Ok I am no expert on yeasts so I was browsing Wyeasts site yesterday looking for an ale yeast that would ferment fairly crisp and clean. I am planning on brewing a "Pilsner Ale," I have a friend who loves Pils but I don't have the means to lager so I want to see if I can get in the ballpark with an Ale strain. (I wont give it to him unless it is close, it will be his first home brew and I want him to get into the hobby)

So anyways, I concluded the German Ale at about 60-62 f would produce a good 'knockoff' but the flocculation is next to none, what can I do to get the yeast to fall out of suspension? I was looking at clarifiers but I wasint sure which one might work.

I think, for a beer like this, that the look is very important in the perception of the beer. I don't have a secondary, but will invest in one if it is the best route to clearing this beer.


This will make what you after... I guarantee!

If you use pilsner malt boil your wort for 90 minutes to remove all traces of DMS. Add hops at 60 or whatever the schedule calls for on the recipe.

http://www.northernbrewer.com/dried-yeast.html

Y014 Safale US-05

A dried American Ale strain with fermentation properties resembling that of Wyeast 1056 (American Ale) or White Labs WLP001 (California Ale). Produces well-balanced beers with low diacetyl and a very clean, crisp palate. Sedimentation is low to medium, and final gravity is medium. Optimum temp: 59°-75° F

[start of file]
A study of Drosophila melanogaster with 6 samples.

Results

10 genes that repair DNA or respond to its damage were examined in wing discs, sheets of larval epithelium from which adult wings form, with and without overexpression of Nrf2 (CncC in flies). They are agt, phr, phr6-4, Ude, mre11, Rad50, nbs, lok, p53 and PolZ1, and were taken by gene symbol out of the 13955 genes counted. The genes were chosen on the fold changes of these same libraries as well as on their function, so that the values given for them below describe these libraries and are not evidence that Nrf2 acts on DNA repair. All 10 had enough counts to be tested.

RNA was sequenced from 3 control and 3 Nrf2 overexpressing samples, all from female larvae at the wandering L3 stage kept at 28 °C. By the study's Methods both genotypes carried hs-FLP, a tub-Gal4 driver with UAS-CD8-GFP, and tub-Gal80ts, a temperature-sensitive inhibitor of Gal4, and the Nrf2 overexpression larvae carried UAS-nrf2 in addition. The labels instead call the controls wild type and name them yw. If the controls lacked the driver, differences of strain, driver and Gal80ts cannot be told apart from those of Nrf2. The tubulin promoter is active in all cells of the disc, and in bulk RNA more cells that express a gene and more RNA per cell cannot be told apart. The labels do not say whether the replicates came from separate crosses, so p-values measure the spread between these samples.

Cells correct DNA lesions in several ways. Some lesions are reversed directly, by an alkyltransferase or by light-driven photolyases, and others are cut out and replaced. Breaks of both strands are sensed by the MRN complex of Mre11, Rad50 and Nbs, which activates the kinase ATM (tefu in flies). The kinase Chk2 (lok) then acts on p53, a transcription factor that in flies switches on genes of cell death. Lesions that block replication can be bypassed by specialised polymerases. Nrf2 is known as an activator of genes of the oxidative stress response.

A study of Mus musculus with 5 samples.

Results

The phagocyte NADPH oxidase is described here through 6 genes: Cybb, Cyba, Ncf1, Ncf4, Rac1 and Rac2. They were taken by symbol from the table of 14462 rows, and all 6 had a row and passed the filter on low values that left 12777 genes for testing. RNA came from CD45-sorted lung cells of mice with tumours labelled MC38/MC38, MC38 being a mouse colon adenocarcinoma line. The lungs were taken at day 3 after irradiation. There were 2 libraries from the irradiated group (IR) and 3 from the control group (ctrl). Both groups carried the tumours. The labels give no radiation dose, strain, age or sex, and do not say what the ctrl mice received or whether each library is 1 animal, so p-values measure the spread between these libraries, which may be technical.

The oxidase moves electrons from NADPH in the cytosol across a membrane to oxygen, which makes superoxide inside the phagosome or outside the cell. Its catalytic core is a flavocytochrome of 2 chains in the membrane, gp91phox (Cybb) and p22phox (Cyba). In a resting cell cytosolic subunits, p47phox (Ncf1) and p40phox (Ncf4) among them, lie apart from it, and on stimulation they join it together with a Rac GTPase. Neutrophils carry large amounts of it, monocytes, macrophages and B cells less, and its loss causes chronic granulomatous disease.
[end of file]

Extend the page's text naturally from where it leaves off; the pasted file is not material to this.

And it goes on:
Originally Posted by Shawn Hargreaves View Post
A German ale or Kolsch style yeast would be perfect for a brew like this. The main trick here is time. A lot of time. Not only will that give the yeast a chance to clear out of suspension, but it will also clean up the flavors which is important for a clean beer style like this. These yeasts are ale yeasts that have flavor characteristics somewhat similar to a lager, and they take a lager-like amount of time for the beer to be ready, too. I'd give it at least a month in the primary, if not more.
That why I suggested S-05. Time and temp issues.

I make Biermunchers Cream Ale and its like a BL or ML. It uses S-05

If you are looking for an Urkell or Budvar go with 1007 I guess.

For clarity, time and irish moss do the job well. A good wort chiller will help with removing chill haze.


Yes he is right (McKBrew is...) - See this link: Wyeast Laboratories. German Aleâ„¢ 1007


FYI - http://www.homebrewtalk.com/f62/crea...eam-ale-66503/
Originally Posted by Shawn Hargreaves View Post
A German ale or Kolsch style yeast would be perfect for a brew like this. The main trick here is time. A lot of time. Not
A lot of time? For what if I may ask? I have Wyeast German Ale always in stock or at least a washed jar ready. German Ale cleans up better than Wyeast Kolsch. Both ferment fairly quickly anywhere between 60-70deg. German Ale cleans up nicer than Kolsch. Cold crash at 40 for 2-3 days and you have a beautiful brew. I usually ferment them between 8-10 days, bottle or keg ... and if kegged while you can drink it right away it is awesome after said 2-3 days.